Ryan Williams: Cleveland Clinic Allegedly Kept Surgeon On Staff Despite Two Rape Accusations From Patients


According to an investigative report from USA Today, Williams was accused by two women of anally raping them in 2008 and 2009, but was knowingly kept on the prominent Cleveland Clinic’s payroll, as he reached a confidential settlement with his supposed victims. Speaking to USA Today, Williams “vehemently” denied the allegations made by both former patients, adding that the claims were “affecting [his] work and home life.”

Close to a decade after the accusations, Ryan Williams left the Cleveland Clinic in June 2017, but a hospital spokeswoman told the Washington Post that his departure was not related to the rape allegations. She refused to provide further details to the publication, saying that the institution “[doesn’t] normally discuss personnel matters publicly.” Williams is now employed by the Ohio State University Wexner Medical Center, which placed the surgeon on administrative leave last month.

In a prepared statement, Wexner Medical Center chief clinical officer Andrew Thomas said that the hospital was not aware of the accusations made against Ryan Williams during his time at Cleveland Clinic.

“The university takes these allegations of past misconduct seriously, and Dr. Williams was placed on administrative leave in December. We are actively investigating to ensure that patient safety at Ohio State was never compromised.”

USA Today’s expose on Williams related the experiences of both female patients, starting with an incident that reportedly took place in April 2008, as one of the patients was undergoing a rectal exam. The woman claimed that she was surprised to find out Williams had placed his penis in her rectum, which forced her to flee the exam room and report the incident to authorities. However, no evidence of a crime was found from a rape kit and other similar tests. A Cleveland Clinic representative also told USA Today that Williams passed a polygraph test and was not prosecuted in criminal court for his supposed actions. The woman then sued both Ryan Williams and the Cleveland Clinic, reaching a confidential settlement currently listed as a “miscellaneous tort claim.”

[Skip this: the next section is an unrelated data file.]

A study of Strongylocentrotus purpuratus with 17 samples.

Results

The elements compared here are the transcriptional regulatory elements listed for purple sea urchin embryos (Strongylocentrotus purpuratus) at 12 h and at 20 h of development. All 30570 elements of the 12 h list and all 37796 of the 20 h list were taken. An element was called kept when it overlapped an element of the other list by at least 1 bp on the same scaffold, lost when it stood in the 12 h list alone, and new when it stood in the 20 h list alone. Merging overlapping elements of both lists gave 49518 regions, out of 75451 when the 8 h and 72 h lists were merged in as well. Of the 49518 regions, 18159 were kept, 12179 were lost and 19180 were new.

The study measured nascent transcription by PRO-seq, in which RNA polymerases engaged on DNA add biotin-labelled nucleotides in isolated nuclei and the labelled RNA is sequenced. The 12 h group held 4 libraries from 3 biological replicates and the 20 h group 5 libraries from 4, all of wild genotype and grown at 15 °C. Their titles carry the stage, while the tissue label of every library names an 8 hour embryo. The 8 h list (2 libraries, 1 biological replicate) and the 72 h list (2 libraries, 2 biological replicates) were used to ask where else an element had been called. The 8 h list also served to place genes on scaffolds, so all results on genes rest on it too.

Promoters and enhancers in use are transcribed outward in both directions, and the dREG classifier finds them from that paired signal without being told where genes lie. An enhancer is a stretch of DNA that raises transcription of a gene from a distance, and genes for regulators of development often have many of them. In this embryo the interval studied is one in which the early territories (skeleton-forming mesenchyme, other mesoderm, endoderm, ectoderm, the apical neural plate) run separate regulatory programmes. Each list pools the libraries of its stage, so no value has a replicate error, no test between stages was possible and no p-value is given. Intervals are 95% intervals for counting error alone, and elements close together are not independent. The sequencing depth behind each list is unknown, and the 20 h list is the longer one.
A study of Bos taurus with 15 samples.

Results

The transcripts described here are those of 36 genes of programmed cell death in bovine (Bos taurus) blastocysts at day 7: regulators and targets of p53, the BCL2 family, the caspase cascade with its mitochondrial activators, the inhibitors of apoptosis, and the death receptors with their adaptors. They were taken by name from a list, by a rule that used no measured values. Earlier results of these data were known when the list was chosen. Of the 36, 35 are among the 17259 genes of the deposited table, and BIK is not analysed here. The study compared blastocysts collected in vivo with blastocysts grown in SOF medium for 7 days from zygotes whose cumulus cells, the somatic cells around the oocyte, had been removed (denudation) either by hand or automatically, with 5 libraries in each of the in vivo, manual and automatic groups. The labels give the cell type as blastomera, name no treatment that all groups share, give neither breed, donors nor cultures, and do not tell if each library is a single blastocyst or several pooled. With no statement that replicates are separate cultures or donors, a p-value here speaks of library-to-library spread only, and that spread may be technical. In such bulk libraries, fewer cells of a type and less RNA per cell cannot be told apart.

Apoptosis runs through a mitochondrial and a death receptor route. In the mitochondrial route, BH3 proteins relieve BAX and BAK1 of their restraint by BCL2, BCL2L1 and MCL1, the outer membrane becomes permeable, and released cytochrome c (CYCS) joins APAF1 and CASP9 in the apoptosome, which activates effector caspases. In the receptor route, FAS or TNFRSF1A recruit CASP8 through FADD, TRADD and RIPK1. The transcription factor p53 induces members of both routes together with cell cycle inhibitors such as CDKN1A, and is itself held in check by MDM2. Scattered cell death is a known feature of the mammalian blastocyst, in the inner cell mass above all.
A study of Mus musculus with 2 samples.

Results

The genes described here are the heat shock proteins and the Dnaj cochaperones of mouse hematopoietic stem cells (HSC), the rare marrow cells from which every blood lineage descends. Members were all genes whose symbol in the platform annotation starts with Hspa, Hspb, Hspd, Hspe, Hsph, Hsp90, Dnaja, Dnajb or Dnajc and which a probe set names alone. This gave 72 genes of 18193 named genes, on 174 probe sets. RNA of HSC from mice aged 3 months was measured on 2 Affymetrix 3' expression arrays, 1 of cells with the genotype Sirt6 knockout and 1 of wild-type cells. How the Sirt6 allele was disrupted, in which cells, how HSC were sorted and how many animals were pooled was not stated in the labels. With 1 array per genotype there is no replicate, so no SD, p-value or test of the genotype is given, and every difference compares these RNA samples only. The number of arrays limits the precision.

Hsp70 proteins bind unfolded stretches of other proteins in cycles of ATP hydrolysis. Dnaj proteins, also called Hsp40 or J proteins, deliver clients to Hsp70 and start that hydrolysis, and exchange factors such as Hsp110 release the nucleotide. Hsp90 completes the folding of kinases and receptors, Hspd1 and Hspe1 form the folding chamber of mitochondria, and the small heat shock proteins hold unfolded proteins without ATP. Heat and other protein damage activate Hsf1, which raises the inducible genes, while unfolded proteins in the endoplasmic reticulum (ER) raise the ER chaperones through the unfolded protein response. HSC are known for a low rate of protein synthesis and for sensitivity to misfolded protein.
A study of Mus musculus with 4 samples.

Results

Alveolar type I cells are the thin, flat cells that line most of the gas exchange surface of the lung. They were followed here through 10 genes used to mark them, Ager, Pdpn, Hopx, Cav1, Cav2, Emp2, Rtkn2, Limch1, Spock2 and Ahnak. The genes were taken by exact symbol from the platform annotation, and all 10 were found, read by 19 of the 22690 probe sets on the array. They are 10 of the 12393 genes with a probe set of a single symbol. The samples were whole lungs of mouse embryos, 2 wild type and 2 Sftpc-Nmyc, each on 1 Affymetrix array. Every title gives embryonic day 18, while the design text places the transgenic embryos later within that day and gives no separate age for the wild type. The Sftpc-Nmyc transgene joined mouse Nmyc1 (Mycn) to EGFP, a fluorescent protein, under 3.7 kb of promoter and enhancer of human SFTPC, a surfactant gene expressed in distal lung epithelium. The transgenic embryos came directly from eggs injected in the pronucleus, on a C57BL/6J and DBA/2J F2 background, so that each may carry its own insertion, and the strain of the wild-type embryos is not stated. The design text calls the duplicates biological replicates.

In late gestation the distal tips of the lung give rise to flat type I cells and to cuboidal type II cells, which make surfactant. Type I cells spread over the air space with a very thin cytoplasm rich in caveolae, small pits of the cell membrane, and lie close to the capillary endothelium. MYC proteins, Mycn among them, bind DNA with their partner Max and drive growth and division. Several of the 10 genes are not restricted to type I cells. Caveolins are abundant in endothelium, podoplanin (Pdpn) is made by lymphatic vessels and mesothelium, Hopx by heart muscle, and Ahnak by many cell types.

Several months later, in February 2009, another woman had visited Williams to have a hemorrhoid removed. She was allegedly asked to take two white pills “immediately,” which reportedly made her groggy during and after the procedure. It was only in 2014 when the woman’s recollections of what allegedly happened began to resurface “in flashes,” as simple activities such as a doctor’s appointment would trigger her and bring back memories of the incident with Williams. She then notified police about what allegedly happened five years prior, claiming that the surgeon had pushed her from behind and that she had seen him holding his penis.

Just like in the case of the first woman who accused Ryan Williams of rape, the then-Cleveland Clinic doctor was not charged with any crimes.

“[The Cleveland Clinic] went to great lengths to cover it up, and there was just no way for someone to be warned, to know what could happen,” said Williams’ second accuser.

“They can just make it completely disappear, and that kind of environment, it almost encourages these kinds of crimes.”

As opined by USA Today, doctors accused of sexually assaulting their patients typically do not have to deal with professional issues or public shame, much like most of the male public figures accused of sexual harassment and other related crimes in recent months. This may be because confidential settlements are as much a thing in the field of healthcare as they are in the worlds of entertainment and politics, said clinical psychologist Jim Hopper in an interview with USA Today.

The special report also quoted plaintiffs’ attorney Patrick Malone, who said that confidential settlements like the ones involving Ryan Williams and his former employers at the Cleveland Clinic are bigger issues than usual in healthcare, as it is the “ultimate wrong” for doctors to sexually violate their patients.

“These things never happen on one occasion. At least some aspect of the settlement — but not necessarily the dollar amount — should be public to make sure it’s not going to happen to someone else,” said Malone.